A prominent former official of the Syrian government said he thinks that President Bashar al-Assad will eventually be overthrown as a result of the regime’s brutal crackdown on demonstrators.

Abdelhalim Khaddam, who went into exile in Paris in 2005 after serving nearly two decades as Syria’s vice president, told the Al-Shorouk newspaper of Egypt that he thinks the Syrian military will soon decide to cease supporting Assad and end the sectarian strife [Assad] and his family are instigating.

Assad has exposed himself completely before the people, through the crimes committed by his security apparatus, Khaddam said.

This has created a deep feeling among Syrians that the continuation of the regime would be a catastrophe. The depth of the rift between the regime and the majority of the people... will lead to the collapse of a regime desperately struggling to survive.”

After more than a month of relentless anti-government protests in Syria, it is believed that more than 200 people have been killed by state security forces. Amidst the constant clamor for change, Assad has steadily made concessions to the protesters,

including the formation of a new cabinet and lifting the emergency laws that were first imposed almost a half-century ago.

However, Khaddam warns that Assad will continue to crack down on dissent and that his reforms are rather minor.

Khaddam has also pointed out that Assad, a member of the Alawite minority, a branch of Shia Islam, rules over a country with a Sunni Muslim majority.

All the security forces are from one sect [Alawite]... Power is concentrated within the ruling family, he said.

Khaddam himself is a controversial figure among Syrian opposition figures, according to reports, primarily because of his long service to Assad and the ruling Baath Party and the fact that he amassed a fortune while in office.

Another prominent Syrian opponent, Yassin Haj Saleh, has told the Los Angeles Times, that he thinks the country is ripe for big changes.

Saleh is in Syria and has attended several demonstrations in the country. He also fears reprisals from the authorities.

I've left home for a fortnight now, he said.

I’m living here and there and trying to be more careful in my movements. But I am speaking to satellite TV and my number is known, and this is a source of anxiety but I can't change it. Only in the streets I use my phone. TV channels will speak to me at any time. And that is why I left home -- to speak freely about the situation in the country.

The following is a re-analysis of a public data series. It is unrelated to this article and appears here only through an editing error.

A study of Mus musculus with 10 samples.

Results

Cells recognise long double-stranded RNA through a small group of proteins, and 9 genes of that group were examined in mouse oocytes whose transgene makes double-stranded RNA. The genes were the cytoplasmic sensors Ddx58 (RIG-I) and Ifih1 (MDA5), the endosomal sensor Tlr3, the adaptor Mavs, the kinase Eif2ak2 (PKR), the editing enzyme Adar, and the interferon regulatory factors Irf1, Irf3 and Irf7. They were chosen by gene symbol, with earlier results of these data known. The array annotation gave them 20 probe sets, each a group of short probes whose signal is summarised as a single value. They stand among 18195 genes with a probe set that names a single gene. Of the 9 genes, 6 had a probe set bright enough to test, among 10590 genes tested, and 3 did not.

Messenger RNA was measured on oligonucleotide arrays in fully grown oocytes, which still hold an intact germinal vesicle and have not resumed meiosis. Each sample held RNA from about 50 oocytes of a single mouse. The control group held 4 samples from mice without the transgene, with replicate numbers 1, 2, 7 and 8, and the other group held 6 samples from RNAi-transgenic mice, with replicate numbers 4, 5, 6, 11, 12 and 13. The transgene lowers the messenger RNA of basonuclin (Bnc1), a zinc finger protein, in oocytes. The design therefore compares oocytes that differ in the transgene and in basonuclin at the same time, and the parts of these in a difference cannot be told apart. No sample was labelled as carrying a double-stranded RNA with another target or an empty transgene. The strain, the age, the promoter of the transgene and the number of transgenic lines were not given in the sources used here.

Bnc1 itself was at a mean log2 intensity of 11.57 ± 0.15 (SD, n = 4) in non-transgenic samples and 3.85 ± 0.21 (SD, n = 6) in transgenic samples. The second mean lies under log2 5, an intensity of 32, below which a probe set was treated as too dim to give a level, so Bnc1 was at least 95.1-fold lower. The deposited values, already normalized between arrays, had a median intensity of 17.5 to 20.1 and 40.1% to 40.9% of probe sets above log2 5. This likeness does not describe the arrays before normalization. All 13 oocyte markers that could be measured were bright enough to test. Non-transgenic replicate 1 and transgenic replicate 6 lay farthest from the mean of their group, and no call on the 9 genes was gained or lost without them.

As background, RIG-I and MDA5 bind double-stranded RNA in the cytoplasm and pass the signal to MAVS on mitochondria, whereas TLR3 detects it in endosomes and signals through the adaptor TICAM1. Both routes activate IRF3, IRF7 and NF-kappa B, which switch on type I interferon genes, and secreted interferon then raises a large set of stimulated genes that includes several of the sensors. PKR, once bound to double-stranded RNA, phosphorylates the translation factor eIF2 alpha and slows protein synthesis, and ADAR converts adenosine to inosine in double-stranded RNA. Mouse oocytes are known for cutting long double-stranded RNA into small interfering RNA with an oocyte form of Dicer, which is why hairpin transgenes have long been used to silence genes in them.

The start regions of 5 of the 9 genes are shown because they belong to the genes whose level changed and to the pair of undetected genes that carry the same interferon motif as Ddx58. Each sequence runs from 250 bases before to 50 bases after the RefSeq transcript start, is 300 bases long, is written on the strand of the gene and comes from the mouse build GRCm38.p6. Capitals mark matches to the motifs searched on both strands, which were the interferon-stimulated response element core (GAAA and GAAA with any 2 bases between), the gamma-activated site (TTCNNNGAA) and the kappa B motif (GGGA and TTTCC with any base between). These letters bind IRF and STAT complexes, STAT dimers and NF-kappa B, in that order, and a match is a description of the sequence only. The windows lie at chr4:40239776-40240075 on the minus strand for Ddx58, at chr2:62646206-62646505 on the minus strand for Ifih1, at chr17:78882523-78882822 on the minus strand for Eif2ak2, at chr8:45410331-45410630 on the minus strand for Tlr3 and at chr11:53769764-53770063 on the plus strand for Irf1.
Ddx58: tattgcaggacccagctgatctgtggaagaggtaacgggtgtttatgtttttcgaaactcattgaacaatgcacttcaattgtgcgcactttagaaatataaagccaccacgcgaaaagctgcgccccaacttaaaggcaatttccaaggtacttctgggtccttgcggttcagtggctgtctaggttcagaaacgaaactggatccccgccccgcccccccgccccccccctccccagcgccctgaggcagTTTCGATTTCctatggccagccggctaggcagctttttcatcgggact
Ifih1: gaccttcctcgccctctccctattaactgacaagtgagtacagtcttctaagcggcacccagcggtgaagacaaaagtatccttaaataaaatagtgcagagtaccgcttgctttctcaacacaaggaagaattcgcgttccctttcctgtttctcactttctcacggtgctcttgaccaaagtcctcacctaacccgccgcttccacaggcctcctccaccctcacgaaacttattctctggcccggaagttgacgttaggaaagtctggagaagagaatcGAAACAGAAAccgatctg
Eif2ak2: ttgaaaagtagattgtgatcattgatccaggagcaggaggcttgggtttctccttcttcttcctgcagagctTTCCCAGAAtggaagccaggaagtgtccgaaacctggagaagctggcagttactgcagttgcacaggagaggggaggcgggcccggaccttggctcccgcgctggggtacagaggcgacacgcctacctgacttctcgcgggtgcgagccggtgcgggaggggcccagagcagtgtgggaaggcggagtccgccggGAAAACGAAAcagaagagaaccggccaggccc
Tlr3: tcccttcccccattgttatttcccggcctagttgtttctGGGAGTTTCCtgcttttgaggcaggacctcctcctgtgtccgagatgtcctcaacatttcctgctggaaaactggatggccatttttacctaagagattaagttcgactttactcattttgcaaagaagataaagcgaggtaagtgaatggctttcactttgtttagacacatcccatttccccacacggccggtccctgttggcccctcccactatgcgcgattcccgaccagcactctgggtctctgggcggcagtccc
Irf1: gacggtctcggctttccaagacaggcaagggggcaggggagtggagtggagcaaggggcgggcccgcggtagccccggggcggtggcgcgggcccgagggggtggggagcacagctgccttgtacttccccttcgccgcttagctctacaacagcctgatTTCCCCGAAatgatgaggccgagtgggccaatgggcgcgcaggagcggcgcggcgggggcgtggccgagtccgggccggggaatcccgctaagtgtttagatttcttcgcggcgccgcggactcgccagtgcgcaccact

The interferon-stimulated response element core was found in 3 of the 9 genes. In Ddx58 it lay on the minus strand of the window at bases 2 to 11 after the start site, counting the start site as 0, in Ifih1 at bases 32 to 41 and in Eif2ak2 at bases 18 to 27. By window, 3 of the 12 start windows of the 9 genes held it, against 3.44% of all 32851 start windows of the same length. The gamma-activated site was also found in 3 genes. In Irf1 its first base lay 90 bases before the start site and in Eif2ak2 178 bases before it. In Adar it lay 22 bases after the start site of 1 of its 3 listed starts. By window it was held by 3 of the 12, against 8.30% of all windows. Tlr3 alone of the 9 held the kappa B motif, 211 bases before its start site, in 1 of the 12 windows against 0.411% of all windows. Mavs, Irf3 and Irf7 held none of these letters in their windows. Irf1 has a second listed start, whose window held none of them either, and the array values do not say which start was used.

Saleh also said: “The country is at a crucial point. We have either to win this battle and to face the difficulties of building a free country, and this will take a long time and be difficult. If the regime won this battle, I think we will see a new wave of fascism in the country.”

Still, he holds out some hope for real change.

“I cannot predict what will happen, but I hope that this will lead to change, perhaps not radical change, like what happened in Egypt and Tunisia,” he said.

“But I hope the regime will recognize the legitimacy of the uprising and that our political system will be built on this. In Syria maybe it is dangerous to think of toppling the regime completely. I hope we can reach a … historic compromise, but the problem is that we have the most violent and brutal regime in the region.”

Meanwhile, in Syria, Assad has named a new governor in the city of Homs, which has been under a security lockdown in the wake of massive anti-regime protests.

The state controlled SANA news agency said Ghassan Abdul-Al is the new governor. Protesters demanded his predecessor be sacked.

Soldiers and security agents have been deployed all over the city. Nonetheless activists are reportedly calling for more demonstrations on Friday.

The people want proper reform and democracy, and a real end to emergency law, an activist told Al Jazeera.

I think of the demonstrations started with demands of reform but the regime responded badly, by killing and detaining people. Now they're asking for regime change and demands are getting higher. In all funerals and protests now we're hearing the people want to topple the regime.